Living in Bali, Indonesia is possibly one of the most amazing [yet insane and a little scary] things I’ve ever done. I am so grateful to have such beautiful memories to look back upon. Recently, I was asked what I think my purpose is (this was a conversation mainly aimed towards my blog and social media), but after I was asked this question once, it seemed to come up constantly. I think attending events like DDW and the IBD Social Circle has really helped me to define it more. — And honestly, in a way, define myself.
The truth is: I don’t know.
I don’t know. Anything. I thought I had all of the answers. I thought I knew exactly what it is that I wanted out of life. If you asked me my five year plan, five years ago you would have gotten a cookie-cutter answer. So precise you’d likely question yourself if it were real or not… And it wouldn’t be. I’d tell you one thing, but in my mind, have an entirely different lifestyle cooking up. – That’s the people pleaser side of me. — Or was.
These experiences have truly brought out the best and worst of me, but I am happy to say I am no longer that version of Shawn. I care what people think of me, as we all do…. But not enough to create an entire lifestyle to please them.
But I do know this:
One thing I was able to identify [in this long-shot attempt to define myself and my purpose online and off] is my greater understanding and appreciation of time. As I get older, my view of time is constantly changing. Before I was diagnosed, I saw it as something I was running out of. I knew my time on this Earth was limited, yet was unable to do anything about it. Post-diagnosis, moving into my “still sick, but at least I know what it is” days, I saw time as something I needed to rush through. Whether it was feeling the need to get married and have kids before my “time runs out” [ – whatever that means!] Or my rush drives home after a long day, praying I didn’t get sick along the way. It wasn’t until my early-mid 20s’ that I began to disregard time completely. Days at work quickly turned into days in the hospital or bed-bound after surgery. Summers at the pool quickly turned into restrictions and fresh scars from ostomy reversals or fissures. And after surgery time simply began to move so fast, yet so slow all at once. — This was when I began to realize the true value of the thing.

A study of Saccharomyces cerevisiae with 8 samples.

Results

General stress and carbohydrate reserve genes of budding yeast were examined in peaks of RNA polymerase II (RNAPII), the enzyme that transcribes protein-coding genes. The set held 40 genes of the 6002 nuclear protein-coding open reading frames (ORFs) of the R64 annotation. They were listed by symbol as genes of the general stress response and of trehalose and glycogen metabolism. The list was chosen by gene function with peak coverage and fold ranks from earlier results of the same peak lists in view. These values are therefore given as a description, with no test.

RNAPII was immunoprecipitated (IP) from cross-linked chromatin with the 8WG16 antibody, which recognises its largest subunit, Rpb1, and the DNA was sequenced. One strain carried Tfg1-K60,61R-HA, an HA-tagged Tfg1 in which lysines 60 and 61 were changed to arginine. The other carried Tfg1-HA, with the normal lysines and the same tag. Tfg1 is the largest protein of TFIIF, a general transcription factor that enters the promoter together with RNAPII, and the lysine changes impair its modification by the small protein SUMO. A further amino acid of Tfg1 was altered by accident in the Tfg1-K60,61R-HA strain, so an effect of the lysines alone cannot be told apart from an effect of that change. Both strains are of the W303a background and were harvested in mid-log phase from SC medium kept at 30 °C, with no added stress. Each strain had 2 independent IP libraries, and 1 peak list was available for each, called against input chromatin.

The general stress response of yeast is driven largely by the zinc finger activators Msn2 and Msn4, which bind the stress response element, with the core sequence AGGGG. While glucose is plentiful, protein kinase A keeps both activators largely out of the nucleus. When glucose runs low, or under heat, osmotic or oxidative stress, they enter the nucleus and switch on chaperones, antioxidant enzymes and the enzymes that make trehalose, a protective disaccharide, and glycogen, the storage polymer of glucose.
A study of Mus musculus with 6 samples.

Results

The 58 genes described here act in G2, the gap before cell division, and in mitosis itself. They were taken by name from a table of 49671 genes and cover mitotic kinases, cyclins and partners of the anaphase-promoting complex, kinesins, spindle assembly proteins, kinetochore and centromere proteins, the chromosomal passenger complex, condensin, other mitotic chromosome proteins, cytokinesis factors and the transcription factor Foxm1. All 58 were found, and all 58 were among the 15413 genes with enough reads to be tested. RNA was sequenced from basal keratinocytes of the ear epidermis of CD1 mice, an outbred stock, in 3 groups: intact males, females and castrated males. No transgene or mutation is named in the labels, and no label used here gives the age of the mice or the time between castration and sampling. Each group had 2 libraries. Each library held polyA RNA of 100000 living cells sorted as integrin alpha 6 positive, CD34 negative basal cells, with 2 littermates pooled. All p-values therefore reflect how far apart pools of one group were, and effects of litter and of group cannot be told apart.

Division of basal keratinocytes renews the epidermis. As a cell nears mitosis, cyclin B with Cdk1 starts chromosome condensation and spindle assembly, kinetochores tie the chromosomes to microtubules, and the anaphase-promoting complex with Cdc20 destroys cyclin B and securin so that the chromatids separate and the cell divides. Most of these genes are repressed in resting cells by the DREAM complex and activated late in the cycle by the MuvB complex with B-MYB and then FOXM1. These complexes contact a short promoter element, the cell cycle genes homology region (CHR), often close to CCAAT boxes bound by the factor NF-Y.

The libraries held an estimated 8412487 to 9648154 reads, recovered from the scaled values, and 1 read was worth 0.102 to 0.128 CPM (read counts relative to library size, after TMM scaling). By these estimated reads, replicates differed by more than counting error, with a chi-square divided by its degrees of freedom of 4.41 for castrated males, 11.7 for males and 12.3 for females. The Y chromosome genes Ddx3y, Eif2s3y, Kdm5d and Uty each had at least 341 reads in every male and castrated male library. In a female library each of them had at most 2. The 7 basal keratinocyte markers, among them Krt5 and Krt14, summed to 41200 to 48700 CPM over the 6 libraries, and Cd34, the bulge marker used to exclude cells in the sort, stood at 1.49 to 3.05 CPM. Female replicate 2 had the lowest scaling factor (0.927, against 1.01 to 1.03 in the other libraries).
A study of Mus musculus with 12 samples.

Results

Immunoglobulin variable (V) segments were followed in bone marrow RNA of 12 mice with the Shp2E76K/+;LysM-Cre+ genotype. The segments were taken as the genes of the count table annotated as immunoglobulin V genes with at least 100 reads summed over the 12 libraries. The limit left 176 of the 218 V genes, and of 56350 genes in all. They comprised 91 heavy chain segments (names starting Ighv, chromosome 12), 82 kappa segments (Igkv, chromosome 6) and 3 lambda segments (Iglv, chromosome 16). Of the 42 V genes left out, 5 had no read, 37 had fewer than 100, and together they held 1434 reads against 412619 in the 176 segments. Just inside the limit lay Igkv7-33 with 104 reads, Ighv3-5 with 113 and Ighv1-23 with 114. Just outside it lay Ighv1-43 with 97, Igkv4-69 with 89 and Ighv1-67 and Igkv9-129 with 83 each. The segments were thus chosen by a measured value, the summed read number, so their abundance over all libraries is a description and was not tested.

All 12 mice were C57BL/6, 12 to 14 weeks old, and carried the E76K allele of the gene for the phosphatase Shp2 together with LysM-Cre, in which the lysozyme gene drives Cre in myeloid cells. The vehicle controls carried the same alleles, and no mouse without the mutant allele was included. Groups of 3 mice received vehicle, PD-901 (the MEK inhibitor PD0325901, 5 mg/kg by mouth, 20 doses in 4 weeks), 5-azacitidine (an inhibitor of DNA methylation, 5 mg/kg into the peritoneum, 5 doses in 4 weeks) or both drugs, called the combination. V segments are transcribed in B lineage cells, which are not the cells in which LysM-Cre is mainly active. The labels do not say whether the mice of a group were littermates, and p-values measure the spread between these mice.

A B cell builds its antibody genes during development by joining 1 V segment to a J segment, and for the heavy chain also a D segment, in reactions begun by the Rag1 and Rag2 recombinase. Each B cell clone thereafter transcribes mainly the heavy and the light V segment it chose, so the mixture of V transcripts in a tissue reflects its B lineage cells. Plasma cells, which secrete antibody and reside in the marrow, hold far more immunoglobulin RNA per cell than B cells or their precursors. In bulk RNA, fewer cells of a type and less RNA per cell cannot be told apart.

I say all of that to say this:
We spend so much time, throwing away time. Selling it Investing it in people that don’t care or companies that never really did. We take it for granted, yet pray for more when we’re running out. Time is one of the most precious gifts life has to offer. You will make and lose money; it can be replaced. – The same is true for friends and a lot of other things in life, but time is the one thing you will possibly never get back. So here’s a little bit of my purpose:
As someone who has lost so much time [to various things: an autoimmune disease, family illness, unfortunate circumstances, ect.], I’m making it my mission to take advantage of every second I have left. To place more value in experiences than money and truly live instead of just surviving. It is also my mission to show others the importance of taking full advantage of the time we are given AND, if they cannot [as I was once unable] my mission is to show them the true beauty of life and what the world has to offer.
Like I said, I don’t have it all figured out, but I am learning and trying to live life with appreciation and gratitude.